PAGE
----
January 14th, 2006

    It’s fair to say that there are far more important things happening on this planet than the impending new product introductions from Apple Computer. That a single profit-making corporation, other than a major auto maker, occupies the hearts and minds of people of all walks of life, is just amazing. Some compare the iPod, for example, to the impact the Sony Walkman had when it first appeared, but the comparison isn’t accurate. The original Walkman wasn’t a cultural icon; it was simply a small device to listen to something and, unlike the iPod, you didn’t spend money buying accessories to expand its capabilities or protect it from harm.

    When Sony was about to introduce new products, technology pundits around the world didn’t waste very much time speculating on the subject, beyond a few paragraphs here and there that were quickly forgotten. The mystique built around the Steve Jobs keynote has swelled to unheard of proportions. Now maybe Apple has been quietly stoking the flames, feeding tales, tall and otherwise, to rumor sites and specially selected journalists, so they’d write their stories and encourage others to write still more stories.

    At this early hour, I’m not about to do any more speculating about the product announcements that will echo worldwide. I’ll update the commentary later with some of the details, along with links to the appropriate Web pages, so you don’t have to depend upon my imperfect summary, or the imperfect summaries of others.

    Instead, I’m going to consider just how the media will react to whatever Apple presents to the expectant world. If, for example, the first round of Intel-based Macs appears, it’ll be regarded as a triumph by nearly all involved. On the other hand, if there’s any delay in getting the products out, or if they don’t appear at all, it will be seen as a major failure. In fact, Apple’s stock price will take a tumble and naysayers will begin, anew, to predict the impending death of the company or no better than tepid computer sales until it gets its act together.

    Sure, Apple said it wouldn’t have its first set of Intel-based hardware until the middle of this year. So long as the products appear within this timeframe, the promise is kept. However, there’s a huge feeding frenzy over the issue. The fact that other PC makers will be making boxes using the Intel chips that Apple is expected to adopt, which are shipping now in quantity, simply adds to the pressure. As I said some weeks back, Apple has no choice here, even if it were otherwise not quite ready to accelerate its processor switch. At the same time, there’s no room for excuses, and it’s probably true that more and more potential buyers have put off purchase plans in hopes something better will soon come along.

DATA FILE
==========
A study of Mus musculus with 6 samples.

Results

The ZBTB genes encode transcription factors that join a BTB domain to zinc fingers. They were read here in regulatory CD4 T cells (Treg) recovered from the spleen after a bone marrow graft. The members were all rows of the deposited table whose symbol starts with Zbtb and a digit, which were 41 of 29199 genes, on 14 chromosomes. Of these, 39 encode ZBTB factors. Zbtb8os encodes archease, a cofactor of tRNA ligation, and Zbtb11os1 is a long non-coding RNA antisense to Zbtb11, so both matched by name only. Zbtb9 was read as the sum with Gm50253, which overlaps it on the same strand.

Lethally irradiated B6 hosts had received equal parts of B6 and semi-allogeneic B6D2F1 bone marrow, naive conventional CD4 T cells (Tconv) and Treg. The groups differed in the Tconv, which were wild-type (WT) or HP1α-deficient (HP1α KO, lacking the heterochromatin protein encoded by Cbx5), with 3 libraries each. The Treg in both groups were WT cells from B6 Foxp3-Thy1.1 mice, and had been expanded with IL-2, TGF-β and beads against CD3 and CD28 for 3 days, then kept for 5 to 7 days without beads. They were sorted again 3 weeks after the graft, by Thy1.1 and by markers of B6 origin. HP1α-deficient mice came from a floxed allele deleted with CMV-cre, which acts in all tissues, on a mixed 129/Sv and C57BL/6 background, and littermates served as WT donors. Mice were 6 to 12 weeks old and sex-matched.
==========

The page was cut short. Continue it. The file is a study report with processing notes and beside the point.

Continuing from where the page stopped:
Pricing is also going to be a factor. If a new version of the iBook remains at $999 for the entry-level model, it’ll still be a good value, but you can buy a serviceable laptop from PC-land for several hundred dollars less. Even if Apple can tout superior features, a faster processor an so forth, the perception will continue that the company can’t compete in the price arena. In any event, it’s questionable whether Apple is paying much less for an Intel processor as compared to the G4, but using Intel-designed logic boards will help keep the costs down. But $200 may be a stretch, unless Apple is willing to sacrifice profit margins to move boxes. But let’s not forget the Mac mini.

    On the iPod front, the competition had its day in the sun at the Consumer Electronics Show in Las Vegas last week. Depending on whose commentary you’ve read, there is no worthy opposition or the iPod killers are out in force and Apple can’t rest on its laurels. It’s possible, considering the speed of iPod releases of late, for Apple to ditch the entire line and start anew. The perception of success or failure will depend on the degree of changes.

    When it comes to other products, highly anticipated introductions of new versions of iLife and iWork will be consistent with the experience of previous years. It is the norm, and any improvement is good. The lack of new versions is bad.

    It won’t matter whether you see a demonstration of Mac OS 10.5 better known as Leopard. Apple could wait until the WWDC, but if it is to appear before the end of 2006 to match Windows Vista, that may just be a little bit late in the scheme of things. You see, Vista is, among other things, being evaluated on how well it compares with Tiger. If the target moves, Microsoft will be judged as being late to the party again. Otherwise, the pressure will be on Apple to continue to excel in operating system development.

    Of course, none of this is fair. But the iPod’s success has put Apple on a pedestal, a very small pedestal.